New Hands-Free Law Does Little for Driving Safety or Driving Fears

Texting and driving

People want what they want when they want it and it appears California drivers want to increase their chances of getting in a car crash. A new law that went into effect in 2013 lets motorists use their mobile devices while driving if they use a headset. Other states already have similar laws that permit chatting, but says the California law also lets drivers send and receive email and text messages provided the messages are read to them on a voice-activated system.

Since their hands are on the wheel, drivers must be safe, right? Wrong.

If someone is cruising down the road sending or receiving messages of any type they are dividing the focus of their brain into separate activities. Even if the driver dons a headset, the brain is still not focused fully on the road, a state of mind that does not bode well for driving safety but can do very well for escalating driving fears. And those driving fears come with good reason. 

And Now Some Evidence

Information from, which is the “official U.S. government website for distracted driving,” points out various hazardous facts:

  • Taking your eyes off the road for a scant 4.6 seconds, which is the typical times it takes to receive a text, may not seem like a lot. If the driver happens to be going at 55 mph, however, that is the entire length of a football field, which is how far the driver would be going without nary a glance at anything in front of him or her.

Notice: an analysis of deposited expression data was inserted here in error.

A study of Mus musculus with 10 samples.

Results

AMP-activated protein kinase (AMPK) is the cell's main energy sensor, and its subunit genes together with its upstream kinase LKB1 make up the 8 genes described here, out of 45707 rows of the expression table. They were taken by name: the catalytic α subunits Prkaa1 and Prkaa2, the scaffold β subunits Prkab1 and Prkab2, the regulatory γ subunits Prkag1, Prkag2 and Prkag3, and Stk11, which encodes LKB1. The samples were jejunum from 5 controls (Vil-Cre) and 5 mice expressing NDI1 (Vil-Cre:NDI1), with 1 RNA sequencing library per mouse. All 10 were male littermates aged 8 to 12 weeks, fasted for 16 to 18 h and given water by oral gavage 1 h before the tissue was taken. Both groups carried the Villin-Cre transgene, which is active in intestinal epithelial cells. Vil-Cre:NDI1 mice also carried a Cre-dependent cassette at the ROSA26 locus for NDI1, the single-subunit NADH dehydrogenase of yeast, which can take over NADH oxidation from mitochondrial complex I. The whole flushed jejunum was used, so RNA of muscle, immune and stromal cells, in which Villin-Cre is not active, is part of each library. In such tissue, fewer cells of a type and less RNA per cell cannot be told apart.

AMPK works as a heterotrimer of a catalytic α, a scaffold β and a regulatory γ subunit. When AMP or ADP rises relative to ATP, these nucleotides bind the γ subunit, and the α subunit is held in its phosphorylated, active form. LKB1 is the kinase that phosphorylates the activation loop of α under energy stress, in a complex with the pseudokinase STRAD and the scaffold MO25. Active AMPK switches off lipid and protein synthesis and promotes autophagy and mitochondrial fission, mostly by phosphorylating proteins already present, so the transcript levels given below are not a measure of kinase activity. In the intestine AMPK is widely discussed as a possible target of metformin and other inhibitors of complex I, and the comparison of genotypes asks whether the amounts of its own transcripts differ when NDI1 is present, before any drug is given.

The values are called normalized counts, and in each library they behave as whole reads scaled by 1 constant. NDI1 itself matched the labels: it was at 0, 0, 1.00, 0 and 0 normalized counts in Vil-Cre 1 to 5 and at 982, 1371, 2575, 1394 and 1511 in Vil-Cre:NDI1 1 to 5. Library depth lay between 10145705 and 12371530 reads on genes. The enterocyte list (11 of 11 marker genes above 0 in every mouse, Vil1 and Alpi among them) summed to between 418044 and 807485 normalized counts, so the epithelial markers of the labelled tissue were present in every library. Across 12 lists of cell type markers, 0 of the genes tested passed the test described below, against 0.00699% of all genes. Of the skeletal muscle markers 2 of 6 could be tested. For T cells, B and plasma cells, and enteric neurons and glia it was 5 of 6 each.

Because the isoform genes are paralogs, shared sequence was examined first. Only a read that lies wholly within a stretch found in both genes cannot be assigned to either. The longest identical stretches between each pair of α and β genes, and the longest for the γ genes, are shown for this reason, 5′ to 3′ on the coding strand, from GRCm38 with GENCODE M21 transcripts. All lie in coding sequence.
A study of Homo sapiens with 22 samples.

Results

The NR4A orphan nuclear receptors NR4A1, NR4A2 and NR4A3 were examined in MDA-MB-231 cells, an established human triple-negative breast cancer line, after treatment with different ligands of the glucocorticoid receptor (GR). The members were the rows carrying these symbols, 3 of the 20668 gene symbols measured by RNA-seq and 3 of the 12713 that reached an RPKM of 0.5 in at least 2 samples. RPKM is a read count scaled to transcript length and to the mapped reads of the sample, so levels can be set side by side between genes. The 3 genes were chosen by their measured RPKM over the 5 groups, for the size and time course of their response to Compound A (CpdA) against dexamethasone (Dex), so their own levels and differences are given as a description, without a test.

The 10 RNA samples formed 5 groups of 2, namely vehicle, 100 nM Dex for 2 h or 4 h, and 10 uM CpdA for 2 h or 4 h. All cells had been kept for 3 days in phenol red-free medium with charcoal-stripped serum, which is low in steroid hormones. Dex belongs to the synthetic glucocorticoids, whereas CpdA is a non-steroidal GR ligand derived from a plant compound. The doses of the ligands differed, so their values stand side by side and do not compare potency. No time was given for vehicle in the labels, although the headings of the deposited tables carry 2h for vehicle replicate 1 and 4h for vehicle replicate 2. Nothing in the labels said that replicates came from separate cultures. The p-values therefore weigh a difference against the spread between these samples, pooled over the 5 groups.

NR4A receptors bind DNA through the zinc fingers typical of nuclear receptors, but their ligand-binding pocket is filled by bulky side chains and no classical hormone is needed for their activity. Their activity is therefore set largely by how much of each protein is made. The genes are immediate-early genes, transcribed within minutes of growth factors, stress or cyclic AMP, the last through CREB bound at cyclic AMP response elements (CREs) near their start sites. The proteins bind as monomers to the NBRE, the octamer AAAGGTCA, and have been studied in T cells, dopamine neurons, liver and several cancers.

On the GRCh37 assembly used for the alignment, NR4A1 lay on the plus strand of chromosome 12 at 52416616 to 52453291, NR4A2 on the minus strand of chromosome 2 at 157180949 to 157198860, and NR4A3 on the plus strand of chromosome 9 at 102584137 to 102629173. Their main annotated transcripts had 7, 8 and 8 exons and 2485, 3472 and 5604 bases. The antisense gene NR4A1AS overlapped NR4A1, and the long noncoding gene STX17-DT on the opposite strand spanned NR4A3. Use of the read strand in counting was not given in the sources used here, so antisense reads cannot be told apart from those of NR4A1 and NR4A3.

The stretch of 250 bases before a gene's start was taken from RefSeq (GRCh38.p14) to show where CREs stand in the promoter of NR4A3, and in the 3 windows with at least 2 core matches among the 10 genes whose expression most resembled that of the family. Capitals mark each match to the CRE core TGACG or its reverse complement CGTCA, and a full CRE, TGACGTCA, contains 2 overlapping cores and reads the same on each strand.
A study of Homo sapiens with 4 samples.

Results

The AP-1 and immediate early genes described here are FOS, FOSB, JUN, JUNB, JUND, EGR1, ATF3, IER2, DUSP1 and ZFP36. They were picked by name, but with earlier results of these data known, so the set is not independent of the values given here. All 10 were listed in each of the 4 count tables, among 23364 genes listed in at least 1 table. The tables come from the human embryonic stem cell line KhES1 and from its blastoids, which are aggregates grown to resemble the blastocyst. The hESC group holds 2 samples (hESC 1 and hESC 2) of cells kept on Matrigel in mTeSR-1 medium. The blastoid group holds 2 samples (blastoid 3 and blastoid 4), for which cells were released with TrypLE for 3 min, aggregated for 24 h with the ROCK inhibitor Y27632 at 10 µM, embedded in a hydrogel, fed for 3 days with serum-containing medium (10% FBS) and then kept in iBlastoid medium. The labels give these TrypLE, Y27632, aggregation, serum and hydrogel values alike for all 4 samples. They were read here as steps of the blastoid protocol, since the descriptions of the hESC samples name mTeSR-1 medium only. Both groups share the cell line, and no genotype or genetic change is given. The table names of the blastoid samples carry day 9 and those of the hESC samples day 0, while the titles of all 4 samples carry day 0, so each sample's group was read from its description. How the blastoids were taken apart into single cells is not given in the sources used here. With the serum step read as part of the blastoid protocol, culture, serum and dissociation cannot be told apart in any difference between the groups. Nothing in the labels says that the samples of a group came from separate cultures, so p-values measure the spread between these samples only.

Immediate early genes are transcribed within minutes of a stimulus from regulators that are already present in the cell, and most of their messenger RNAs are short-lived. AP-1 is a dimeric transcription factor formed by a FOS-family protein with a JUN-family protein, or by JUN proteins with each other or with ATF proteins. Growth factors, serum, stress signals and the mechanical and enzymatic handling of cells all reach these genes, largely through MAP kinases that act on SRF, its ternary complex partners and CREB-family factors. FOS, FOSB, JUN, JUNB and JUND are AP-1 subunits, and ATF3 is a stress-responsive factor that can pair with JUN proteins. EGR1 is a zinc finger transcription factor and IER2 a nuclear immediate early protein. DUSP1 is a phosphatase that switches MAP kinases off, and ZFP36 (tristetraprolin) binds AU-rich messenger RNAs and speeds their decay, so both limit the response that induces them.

• Using a head set “is not substantially safer” than using a hand-held device. They both put the driver, the passengers, other drivers, other passengers, pedestrians, bicyclists, stray dogs and anyone or anything else at a higher risk of getting injured or killed.
  • The old adage says humans only use 10 percent of their brains. Cell phone use while driving reduces that brain activity even further, according to Carnegie Mellon. It decreases brain activity meant for driving by 37 percent. Put the two percentages together and you’re using a mere sliver of the brain to drive down the road while on a cell phone.
  • A notable 11 percent of all fatal crashes on the road involve drivers under age 20 who were distracted while driving.

More Evidence

Additional evidence comes from article in the form of several studies by the University of Utah’s David Strayer and colleagues. For starters, talking on a hands-free device is not the same as talking to passengers in the vehicle. Talking to passengers is often interrupted by or includes discussions on traffic and road conditions. Hands-free chatting takes the brain far away from the road.

“Even sending a voice text as simple as ‘I’m stuck in traffic’ led drivers in the study to glance off the road more often and longer than usual,” the articles said, “and they too reported a higher mental demand during” the part of the test that involved sending a message. But, as the article also noted, people seem to be ignoring the evidence in favor of convenience, and possibly even trying to ignore the driving fears this and similar laws can bring.